Where do Your Calories Come From? New Data Reveals America's Eating Habits


Americans are known for diets that don't exactly earn points for being the healthiest choices, despite the abundance of healthy foods that grow on U.S. soil. Surprisingly, a recent analysis of American caloric intake shows less of a junk food presence than suspected in our caloric load.

The first-ever study of its kind was published in the recent issue of Nutrition Journal. Foods making up the majority of calories consumed in the U.S. were not coming from restaurants, fast food chains or junk foods, according to the researchers out of University of Washington, Seattle.

Read more about junk food

By using data collected by the government's National Health and Nutrition Examination Surveys, the research team could identify where foods were purchased (whether market or restaurant, school, etc), to help better determine with more accuracy where calories are being sourced.

According to the data, 63 to 76 percent of calories come from foods purchased at grocery stores, with restaurants (including fast food) only accounted for 17 to 26 percent of calories. "Contrary to popular belief, restaurant-sourced pizza, burgers, chicken and French fries accounted for less energy than store-sourced breads, grain-based desserts, pasta and soft drinks," the study authors reported.

Teenagers between the ages of 12-19—at high risk for childhood obesity—only consumed 1.7 percent of their calories from French fries. And age depending, sugar sweetened beverages accounted for 1 to 1.4 percent of calories.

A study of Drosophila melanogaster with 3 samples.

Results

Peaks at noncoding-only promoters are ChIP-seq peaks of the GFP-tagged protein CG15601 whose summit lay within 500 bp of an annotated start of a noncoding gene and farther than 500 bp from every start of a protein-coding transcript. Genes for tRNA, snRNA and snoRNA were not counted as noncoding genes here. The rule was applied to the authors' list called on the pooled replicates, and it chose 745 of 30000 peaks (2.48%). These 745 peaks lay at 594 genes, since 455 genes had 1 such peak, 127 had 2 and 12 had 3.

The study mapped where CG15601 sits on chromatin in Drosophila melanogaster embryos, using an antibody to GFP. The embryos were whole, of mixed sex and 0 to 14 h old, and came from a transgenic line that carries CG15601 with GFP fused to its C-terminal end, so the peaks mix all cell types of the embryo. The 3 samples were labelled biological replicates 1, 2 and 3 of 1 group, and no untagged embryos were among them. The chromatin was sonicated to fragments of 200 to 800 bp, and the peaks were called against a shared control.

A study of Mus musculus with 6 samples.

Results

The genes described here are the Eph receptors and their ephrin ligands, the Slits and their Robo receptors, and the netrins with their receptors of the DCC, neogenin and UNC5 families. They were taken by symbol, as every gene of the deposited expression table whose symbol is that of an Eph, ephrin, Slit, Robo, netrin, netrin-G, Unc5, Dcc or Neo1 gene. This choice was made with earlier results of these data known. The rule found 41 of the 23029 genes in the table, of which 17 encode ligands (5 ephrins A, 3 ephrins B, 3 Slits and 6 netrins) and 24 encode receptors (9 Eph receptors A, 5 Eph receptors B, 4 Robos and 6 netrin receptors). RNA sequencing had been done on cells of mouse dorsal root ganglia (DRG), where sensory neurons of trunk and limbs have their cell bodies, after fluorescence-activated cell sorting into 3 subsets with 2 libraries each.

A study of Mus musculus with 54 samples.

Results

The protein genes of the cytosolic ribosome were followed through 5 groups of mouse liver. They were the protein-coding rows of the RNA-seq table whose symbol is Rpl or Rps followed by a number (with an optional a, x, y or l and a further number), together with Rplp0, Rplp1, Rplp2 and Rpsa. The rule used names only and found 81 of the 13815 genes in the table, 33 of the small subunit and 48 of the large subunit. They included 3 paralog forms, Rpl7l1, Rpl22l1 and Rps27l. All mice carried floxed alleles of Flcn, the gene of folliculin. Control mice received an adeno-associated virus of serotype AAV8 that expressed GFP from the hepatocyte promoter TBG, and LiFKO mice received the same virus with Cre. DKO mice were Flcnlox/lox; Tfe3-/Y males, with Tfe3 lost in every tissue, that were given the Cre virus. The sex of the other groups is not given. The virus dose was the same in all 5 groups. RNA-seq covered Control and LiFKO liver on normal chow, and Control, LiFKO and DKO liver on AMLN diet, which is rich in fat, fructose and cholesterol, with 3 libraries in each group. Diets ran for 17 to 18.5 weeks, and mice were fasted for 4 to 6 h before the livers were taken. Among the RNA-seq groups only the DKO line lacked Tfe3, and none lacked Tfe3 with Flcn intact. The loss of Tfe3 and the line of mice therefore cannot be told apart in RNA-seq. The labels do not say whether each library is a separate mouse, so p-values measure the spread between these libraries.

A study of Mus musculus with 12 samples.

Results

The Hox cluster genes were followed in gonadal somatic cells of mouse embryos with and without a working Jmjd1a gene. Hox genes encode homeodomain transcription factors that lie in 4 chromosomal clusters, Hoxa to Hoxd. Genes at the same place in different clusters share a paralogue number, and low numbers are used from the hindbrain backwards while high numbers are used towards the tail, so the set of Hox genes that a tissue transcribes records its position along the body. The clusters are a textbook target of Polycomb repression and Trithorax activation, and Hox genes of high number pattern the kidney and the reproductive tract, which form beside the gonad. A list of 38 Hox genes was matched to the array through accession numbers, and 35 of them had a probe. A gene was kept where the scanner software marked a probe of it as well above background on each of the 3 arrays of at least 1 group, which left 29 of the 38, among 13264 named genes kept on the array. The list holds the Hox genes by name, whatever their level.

Read more about childhood obesity

For adults between ages 20 and 70, 63 to 70 percent of calories were from store-bought foods rather than restaurants, vending machines or other sources of fast foods.

Still, despite the fact that calories are not coming from drive thrus or quick markets, the highest amount of calories are coming from dessert products including cakes, cookies and donuts as well as yeasted breads—foods that can contribute to obesity and obesity-related illnesses including type 2 diabetes.

Image: mamaloco

 


By Jill Ettinger| June 10, 2013
Categories:  Eat
Keywords:  EatFood and Nutrition

About the Author

Jill Ettinger

Jill Ettinger

Jill Ettinger is a freelance journalist and marketing specialist primarily focused on the organic and natural industries, she bridges her love for changing the food system with her lifelong passion for writing and connecting people in their shared values. You can connect with Jill on Twitter and Instagram.